Mobile devices are windows through which retailers can engage consumers in new, exciting ways. But these windows are getting smaller and smaller: Instead of long active sessions, smartphones are becoming platforms for short bursts of activity that can occur randomly throughout the day.
Whether in a check-out line, on a train going home, or on a walk around the neighborhood, consumers are using these small sessions to drive major decisions, including product purchases. There’s a name for these sessions—mobile micro-moments—and they can no longer be ignored by B2B mobile marketing experts.
There’s the obvious challenge: How do you target and reach a relative audience within these brief active sessions? But that’s not the only question to wrestle with. As wearables and other technology drive further innovation in content (and therefore in content strategies), these micro-moments are subject to even greater change.
In other words, marketers have a lot of work on their plates. But they also have options—and if they execute properly, they face a mountain of opportunity.
Recognizing the Mobile Impulse
A micro-moment can happen anywhere—it’s a reflexive response to a desire or need. But increasingly, those moments are taking place on mobile. Why? Simply because, in the heat of that impulse, consumers are eager to grab for the nearest outlet that can satisfy their needs. With smartphones typically within arm’s reach at any given time, they’re almost always the fastest route to instant gratification.
Consequently, brands face the challenge of positioning themselves for these moments of interest. That’s easier said than done, though, because traditional B2B mobile marketing isn’t built for such small windows of opportunity. Google has provided educational resources to marketers trying to win the mobile battle, and these can offer some direction in customizing a mobile approach that works for micro-moments.
According to Smart Insights, the best first step is to make a “moments map”—a set of consumer moments spread across the customer’s journey, all of which the brand considers very important to success. An obvious example is a restaurant trying to reach consumers when they are hungriest: Which moments preceding consumer action are most critical to the conversion? Brands likely have several telling moments they can target, although the obvious one for a restaurant would be the initial search for nearby restaurants.
From there, each point on the moments map should be viewed in terms of how to drive action in the quickest, simplest way possible. This also requires making an immediate impression on consumers, and capturing their interest within a span of seconds. That imperative shows why content design cannot be underestimated.
Building Content with Instant Appeal
There’s no long-term game with mobile micro-moments. For brands to succeed, they must deliver content that makes an instant splash. As noted by Search Engine Land, ads and other marketing content need to offer immediate value and be quickly understood. Visual imagery, along with videos, have proven very effective at this.
According to Search Engine Land, there is “a strong correlation between conversions and the use of video and multimedia content in certain industries.” Content needs to be eye-catching and respond to basic impulses.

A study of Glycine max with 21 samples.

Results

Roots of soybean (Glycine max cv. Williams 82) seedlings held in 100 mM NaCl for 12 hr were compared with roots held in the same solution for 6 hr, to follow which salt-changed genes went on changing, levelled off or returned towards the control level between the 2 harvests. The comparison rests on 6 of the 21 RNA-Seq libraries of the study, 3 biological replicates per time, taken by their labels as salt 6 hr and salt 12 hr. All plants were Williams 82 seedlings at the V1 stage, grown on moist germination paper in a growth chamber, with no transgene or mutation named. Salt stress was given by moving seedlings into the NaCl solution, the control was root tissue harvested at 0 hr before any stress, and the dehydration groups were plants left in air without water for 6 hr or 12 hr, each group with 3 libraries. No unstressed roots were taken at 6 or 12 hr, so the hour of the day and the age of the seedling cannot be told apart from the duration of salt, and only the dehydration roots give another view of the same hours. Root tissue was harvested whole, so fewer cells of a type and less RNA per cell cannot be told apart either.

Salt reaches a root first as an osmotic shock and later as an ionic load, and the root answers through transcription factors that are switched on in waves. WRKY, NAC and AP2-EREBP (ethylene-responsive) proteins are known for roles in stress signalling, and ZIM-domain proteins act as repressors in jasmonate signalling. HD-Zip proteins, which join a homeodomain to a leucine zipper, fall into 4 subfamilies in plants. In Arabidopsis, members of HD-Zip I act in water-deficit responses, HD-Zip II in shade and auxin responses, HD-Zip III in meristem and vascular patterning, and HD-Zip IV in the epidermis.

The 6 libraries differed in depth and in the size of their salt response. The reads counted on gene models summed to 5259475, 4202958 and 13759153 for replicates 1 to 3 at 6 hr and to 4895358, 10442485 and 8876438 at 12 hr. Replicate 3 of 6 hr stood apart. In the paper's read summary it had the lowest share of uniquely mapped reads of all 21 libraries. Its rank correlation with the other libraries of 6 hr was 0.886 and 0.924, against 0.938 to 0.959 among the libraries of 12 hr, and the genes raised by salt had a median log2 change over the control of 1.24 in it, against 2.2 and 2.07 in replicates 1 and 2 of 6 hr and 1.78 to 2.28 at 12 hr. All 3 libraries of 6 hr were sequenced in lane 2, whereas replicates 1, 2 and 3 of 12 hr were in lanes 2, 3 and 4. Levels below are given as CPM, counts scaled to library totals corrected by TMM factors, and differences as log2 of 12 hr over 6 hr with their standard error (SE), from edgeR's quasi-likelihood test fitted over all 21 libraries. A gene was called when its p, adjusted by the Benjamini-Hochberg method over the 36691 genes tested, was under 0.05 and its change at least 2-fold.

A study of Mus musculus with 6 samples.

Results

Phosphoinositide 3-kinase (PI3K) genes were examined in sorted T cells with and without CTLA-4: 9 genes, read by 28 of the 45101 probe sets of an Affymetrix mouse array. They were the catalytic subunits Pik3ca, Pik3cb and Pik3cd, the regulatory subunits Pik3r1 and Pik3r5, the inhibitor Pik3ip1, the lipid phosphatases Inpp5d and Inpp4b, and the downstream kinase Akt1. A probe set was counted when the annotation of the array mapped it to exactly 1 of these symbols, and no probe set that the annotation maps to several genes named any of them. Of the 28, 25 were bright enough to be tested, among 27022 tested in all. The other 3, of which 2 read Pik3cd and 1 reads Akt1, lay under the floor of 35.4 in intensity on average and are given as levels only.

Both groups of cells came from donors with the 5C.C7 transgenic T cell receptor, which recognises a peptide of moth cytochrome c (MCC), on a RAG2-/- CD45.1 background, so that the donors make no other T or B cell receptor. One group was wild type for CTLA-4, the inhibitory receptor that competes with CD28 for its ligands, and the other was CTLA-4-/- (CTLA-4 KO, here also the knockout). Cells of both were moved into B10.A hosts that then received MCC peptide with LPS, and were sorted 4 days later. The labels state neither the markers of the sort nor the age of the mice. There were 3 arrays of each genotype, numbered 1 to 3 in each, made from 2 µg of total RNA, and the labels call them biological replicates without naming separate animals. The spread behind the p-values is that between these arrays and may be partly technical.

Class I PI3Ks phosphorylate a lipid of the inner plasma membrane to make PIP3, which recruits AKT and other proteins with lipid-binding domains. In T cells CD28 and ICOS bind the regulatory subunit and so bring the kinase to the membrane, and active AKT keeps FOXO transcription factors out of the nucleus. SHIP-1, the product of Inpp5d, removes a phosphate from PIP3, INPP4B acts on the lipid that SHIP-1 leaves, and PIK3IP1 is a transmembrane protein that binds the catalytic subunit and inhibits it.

Where search marketing is concerned, quickly addressing a customer’s primary pain points will prove crucial to success. In addition to content with eye appeal, mobile strategies including click-to-call buttons, one-click functionality, streamlined registration, and GPS-enabled driving directions can facilitate action from consumers.
Speed is key: Think With Google found that 60 percent of smartphone users will immediately move to another mobile destination if the content they’re viewing doesn’t satisfy their needs or address them quickly. It’s not enough to address their pain points—online brands now have to do this faster than ever.
Forecasting the Impact of Wearables
Mobile micro-moments are already becoming a force for marketing, and that trend will only continue upward as wearables enter the mainstream. Industry experts believe moment-based marketing will become far more powerful through wearables, which further facilitate immediate access to the internet and expand consumers’ options for conducting searches.
According to Forrester, brands building out micro-moment strategies for smartphones today will be laying the groundwork for similar strategies on the wearables front—which will inevitably became a key point of emphasis for those companies. In addition, Ad Age argued that brands should focus on their moments strategy rather than building out a wearables strategy, since micro-moment marketing will be easily applied to wearables.
Smart watches are a great example of how wearables could influence this trend. The Apple Watch, as Ad Age points out, is already a product built for both fashion and functionality. That makes it a great destination for innovative, engaging content designs. And the additional behavioral data drawn from wearables, virtual reality, and other engaging IoT technologies will make it even easier for brands to anticipate these moments and position their content accordingly.
Meanwhile, the accessibility of the Apple Watch’s touch screen is even greater than what a smartphone can offer. As smart watches and other wearables bring new digital touchpoints within arm’s reach, they’re only going to accelerate the consideration and decision-making cycles that consumers have already fast-tracked.
You thought today’s consumer was short on patience? Just wait until technology and marketers get the hang of giving them exactly what they want, exactly when they want it.